If consumers fall victim to phishing schemes that falsely invoke your company name, they may look to you for guidance on the next steps to take. Offering immediate advice and support can help you retain the customer goodwill you’ve worked so hard to develop.

How should you respond if your business is impersonated in a phishing scam?

  • Notify consumers of the scam.  If you are alerted to a phishing scam where fraudsters are impersonating your business, inform your customers as soon as possible. If your business has a social media presence, announce the scam on your social media sites and warn customers to ignore suspicious emails or texts purporting to be from your company. You can also inform your customers of the phishing scam by email or letter. The important point is to remind your customers that legitimate businesses like yours would never solicit sensitive personal information through insecure channels like email or text messages.
  • Contact law enforcement.  If you become aware of a phishing scam impersonating your business, report the scam to the FBI’s Internet Crime Complaint Center. Suggest that affected customers forward any phishing emails impersonating your business to the Anti Phishing Working Group, a public-private partnership against cybercrime. Consumers also can file a complaint with the FTC.
  • Provide resources for affected consumers.  If consumers believe they may be victims of identity theft because of the phishing scam impersonating your business, direct them to www.IdentityTheft.gov where they can report and recover from identity theft.  For more information about recommended computer security practices, direct consumers to resources on the FTC’s consumer information site where they can learn how to protect themselves online and avoid phishing attacks.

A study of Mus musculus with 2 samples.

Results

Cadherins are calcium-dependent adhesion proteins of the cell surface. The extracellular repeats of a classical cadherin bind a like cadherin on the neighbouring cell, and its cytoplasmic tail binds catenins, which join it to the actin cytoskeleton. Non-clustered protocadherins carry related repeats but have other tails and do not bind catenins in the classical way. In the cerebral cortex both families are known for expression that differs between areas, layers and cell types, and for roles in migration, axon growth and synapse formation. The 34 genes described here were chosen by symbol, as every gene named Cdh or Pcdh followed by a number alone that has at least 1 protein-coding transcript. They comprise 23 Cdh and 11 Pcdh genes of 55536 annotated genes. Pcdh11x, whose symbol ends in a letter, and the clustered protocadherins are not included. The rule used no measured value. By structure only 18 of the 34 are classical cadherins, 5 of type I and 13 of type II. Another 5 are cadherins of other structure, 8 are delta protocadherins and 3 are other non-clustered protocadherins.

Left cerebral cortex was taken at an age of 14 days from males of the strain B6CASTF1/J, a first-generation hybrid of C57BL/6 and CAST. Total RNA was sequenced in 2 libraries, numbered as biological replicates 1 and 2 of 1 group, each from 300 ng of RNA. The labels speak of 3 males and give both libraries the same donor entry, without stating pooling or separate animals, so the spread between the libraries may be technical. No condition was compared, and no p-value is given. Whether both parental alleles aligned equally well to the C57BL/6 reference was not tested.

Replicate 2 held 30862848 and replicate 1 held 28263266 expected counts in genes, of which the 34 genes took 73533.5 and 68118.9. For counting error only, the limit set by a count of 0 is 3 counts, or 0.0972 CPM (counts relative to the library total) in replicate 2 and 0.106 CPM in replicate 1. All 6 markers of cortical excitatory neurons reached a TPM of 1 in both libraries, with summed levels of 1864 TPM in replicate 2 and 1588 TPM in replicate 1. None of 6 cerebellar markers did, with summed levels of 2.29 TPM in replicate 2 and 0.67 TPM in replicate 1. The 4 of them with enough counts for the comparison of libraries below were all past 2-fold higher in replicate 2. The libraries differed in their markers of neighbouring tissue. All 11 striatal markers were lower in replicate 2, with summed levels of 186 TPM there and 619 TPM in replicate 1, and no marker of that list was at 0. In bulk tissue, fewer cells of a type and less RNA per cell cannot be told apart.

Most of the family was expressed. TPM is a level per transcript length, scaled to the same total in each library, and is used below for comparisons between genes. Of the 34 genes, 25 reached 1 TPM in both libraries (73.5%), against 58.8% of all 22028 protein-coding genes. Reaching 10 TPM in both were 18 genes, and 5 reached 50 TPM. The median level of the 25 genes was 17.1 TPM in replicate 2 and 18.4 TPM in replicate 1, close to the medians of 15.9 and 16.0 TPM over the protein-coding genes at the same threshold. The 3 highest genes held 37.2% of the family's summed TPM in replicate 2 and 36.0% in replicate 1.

• Use the episode as reminder to update your security practices.  Data security isn’t just a one-and-done checklist. Threats are ever-evolving, so your defenses need to be nimble, too. For information on securing sensitive customer information, be a frequent flyer on the FTC’s data security portal. Follow case developments and read publications designed for companies of any size and sector, including Start with Security and the recently refreshed Protecting Personal Information: A Guide for Business. Pressed for time? Pledge two minutes a day to watch a video from the FTC’s resource library for businesses.

4 Comments

WASKEY (not verified)
March 06, 2017
I don't like scams knocking up my cash saying I won a grant of 5,000 bucks trick me of paying 250 bucks to wire it to my account. So I called the special network with FBI to catch those criminal people here in the US and China.
Michael Allen … (not verified)
December 19, 2017
Yes I As well Got the IRS scam call told me i owed $2000 in back taxes from 2005-2010 i new right away it was bs he said if i did not pay i would be arrested , so i said SEND ME THE DOCUMENTS AND I WILL CHECK IT OUT HE SAID NO,,, SO i keep playing him me (acting like i was in fear for if i not payed ) me just said ,,,the middle finger and told him to F off its people scammers like that that make it hard for the IRS< me no fan< neverthelesss i contacted the IRS and told them the # from the fake IRS caller anyways I Know there are Lots of really good Women and Men in USA gov yet its Hard on them and there familey With A Greatful Heart me Michael Says thanks to YOU ALL Be Well Rest Well as Men Love your Wife and Familey WithAllLovingKindNess Michael
Lisa George (not verified)
November 23, 2018
I just got a call. Caller ID said Fannie Mae and they wanted to talk to me about WINDOWS program
Richard Carlson (not verified)
September 15, 2021

In reply to by Lisa George (not verified)

I’ve been getting a calls from “Aetna” according to caller ID, wanting verification of my personal info. Calls now once or twice a week! A call to Aetna reveals the company knows nothing of such calls. Scammers also give a return call number...which, when tried, doesn’t exist.